Fortunately for Willow Grover, the bus stops only a short distance from Emerald City Nursery, where she's been working for the past few years. She walks way too much (according to her ankles and knees, anyway) around the five acres of retail space in the nursery throughout the day, so walking more than a few blocks to get there seems a bit too far.
The bus it is. Sure, she's earned enough to buy an inexpensive hybrid car, but she prefers a "greener" mode of transportation.
Willow arrives at the nursery early, at 7:30AM. Because it's been so warm the past few days and is expected to be warm again today, she spends the early part of the morning dragging hoses and watering the small plants that aren't hooked up to drip irrigation. This may seem boring, but it's the most peaceful time of the day for Willow. At a certain time, though—around 9:15AM today—the sun starts to heat the nursery and the customers start rolling in to ruin her morning reverie.
The first few customers know what they want—one needs a few bales of soil amendments, another needs lawn fertilizer and gypsum—and they only need help loading it into their cars.
It's a fairly slow start, which is fine with Willow because she's able to keep working on her plan to rearrange all the plants in the nursery. The season will be changing soon, so she has to make sure certain plants will still receive as much sunlight as possible. She also repositions others to help clear out old inventory.
At around 11:00AM, a customer comes in with a strange request: he's just bought a half-oak wine barrel and wants to know which petunias will cascade from it most impressively.
He and Willow talk through some options, finally settling on a beautiful arrangement with petunias of several different colors. He leaves and Willow congratulates herself on a personal victory—the purple and white petunias hadn't been selling well, but he took the last of them off her hands.
Marcia, the other sales associate working today, arrives at 11:30AM. Willow heads out for lunch, which is just a quick trip to the grocery store next door for a chicken salad sandwich. She's back at the nursery at 12:00PM, and the slow early afternoon hours commence.
A few customers come and go during the next few hours, but Willow mostly just flips through a few Home & Garden magazines lying around and quizzes Marcia on different flower types (Marcia just started a few weeks ago).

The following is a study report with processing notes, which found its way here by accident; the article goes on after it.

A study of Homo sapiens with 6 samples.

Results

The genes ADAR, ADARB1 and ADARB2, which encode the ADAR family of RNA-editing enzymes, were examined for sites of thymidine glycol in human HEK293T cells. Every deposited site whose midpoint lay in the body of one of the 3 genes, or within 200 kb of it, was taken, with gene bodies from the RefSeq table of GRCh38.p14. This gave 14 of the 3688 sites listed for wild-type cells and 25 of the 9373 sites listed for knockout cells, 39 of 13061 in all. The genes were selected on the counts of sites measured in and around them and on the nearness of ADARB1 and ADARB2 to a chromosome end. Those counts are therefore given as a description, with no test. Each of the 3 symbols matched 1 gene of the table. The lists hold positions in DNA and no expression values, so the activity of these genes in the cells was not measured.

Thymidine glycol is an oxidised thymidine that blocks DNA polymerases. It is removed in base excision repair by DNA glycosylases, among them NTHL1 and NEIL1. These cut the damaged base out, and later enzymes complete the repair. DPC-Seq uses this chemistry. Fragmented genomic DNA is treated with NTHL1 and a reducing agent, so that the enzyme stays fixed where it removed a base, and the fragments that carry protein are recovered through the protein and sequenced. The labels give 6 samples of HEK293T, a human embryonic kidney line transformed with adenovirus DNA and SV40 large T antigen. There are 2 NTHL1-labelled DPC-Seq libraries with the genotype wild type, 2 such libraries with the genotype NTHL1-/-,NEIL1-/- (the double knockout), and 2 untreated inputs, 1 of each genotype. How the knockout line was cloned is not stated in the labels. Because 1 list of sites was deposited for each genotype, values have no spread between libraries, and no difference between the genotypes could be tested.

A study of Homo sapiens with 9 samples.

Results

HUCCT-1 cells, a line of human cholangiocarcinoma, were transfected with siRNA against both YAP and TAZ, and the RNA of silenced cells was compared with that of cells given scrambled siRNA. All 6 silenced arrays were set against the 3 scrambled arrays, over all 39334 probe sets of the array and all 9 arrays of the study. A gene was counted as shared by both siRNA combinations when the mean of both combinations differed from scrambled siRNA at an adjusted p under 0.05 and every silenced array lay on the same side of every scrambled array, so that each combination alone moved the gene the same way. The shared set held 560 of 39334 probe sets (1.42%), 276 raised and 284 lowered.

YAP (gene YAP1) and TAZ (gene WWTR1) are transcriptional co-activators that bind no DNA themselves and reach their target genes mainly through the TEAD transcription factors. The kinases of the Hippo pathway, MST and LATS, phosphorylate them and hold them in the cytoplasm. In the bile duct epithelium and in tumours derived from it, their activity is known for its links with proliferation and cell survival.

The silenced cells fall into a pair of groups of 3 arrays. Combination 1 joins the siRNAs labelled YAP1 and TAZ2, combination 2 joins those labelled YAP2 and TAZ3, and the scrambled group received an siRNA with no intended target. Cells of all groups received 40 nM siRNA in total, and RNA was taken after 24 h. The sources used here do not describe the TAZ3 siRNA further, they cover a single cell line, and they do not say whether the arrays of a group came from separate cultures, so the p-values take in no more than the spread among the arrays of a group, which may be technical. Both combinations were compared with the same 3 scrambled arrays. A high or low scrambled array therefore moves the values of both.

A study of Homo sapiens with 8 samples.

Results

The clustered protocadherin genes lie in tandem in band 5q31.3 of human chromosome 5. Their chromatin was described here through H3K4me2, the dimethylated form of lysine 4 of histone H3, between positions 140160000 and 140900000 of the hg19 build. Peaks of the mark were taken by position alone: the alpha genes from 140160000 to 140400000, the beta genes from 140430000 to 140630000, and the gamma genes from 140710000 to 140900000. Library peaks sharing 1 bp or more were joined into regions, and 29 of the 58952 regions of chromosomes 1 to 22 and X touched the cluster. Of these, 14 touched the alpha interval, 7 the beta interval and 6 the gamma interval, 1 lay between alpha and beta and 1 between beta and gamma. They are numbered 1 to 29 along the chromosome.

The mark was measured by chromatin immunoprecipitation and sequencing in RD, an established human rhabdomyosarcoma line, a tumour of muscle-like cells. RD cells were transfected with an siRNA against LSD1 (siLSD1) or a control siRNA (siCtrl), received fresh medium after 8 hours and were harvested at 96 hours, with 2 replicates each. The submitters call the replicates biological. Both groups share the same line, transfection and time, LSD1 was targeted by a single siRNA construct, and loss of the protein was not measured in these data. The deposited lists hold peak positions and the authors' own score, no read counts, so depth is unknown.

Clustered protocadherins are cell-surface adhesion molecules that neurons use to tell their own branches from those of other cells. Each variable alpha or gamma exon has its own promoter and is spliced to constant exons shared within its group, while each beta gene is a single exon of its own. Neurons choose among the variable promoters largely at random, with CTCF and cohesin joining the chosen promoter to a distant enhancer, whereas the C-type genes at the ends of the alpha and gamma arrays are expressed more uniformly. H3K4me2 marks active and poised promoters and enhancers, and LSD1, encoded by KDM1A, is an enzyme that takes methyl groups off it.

At about 3:00PM, Willow does a quick walk-through of the nursery with her clipboard, taking inventory notes. She won't have to put in an order until the end of the week, but she likes to stay on top of these things.
At 3:55PM, a mere five minutes before Willow is set to go home, the notorious Mrs. Gulch arrives, complete with her usual scowl. She immediately locks eyes with Willow—an old foe—and marches up to her, ready to unfurl her list of demands.
She wants a shade tree for her front lawn, but not just any shade tree. It can't drop messy leaves to clutter the lawn, or have aggressive roots that'll rip up the lawn, or get too big, or clash with her lawn ornaments.
Since the moment she saw Mrs. Gulch, Willow's been smiling as big as she can through clenched teeth. She waits patiently as Mrs. Gulch huffs and puffs and explains her needs, but just as she's about to unclench her jaw and attempt a reply, Marcia appears at her side.
"Willow, why don't you let me handle this—I was just over in our tree section. I think I have a few ideas Mrs. Gulch might like." She smiles at Willow, who's now wearing that particular expression that says, "You're the best and I totally owe you one." Marcia turns back to Mrs. Gulch and the two of them walk off toward the trees.
Willow, hugely relieved to be free of Mrs. Gulch, practically skips to the bus stop—even if her ankles and knees tell her to take it easy. They'll get a rest once she gets home; Willow's looking forward to a quiet, Netflix-filled evening. Once she waters her bazillion plants, that is.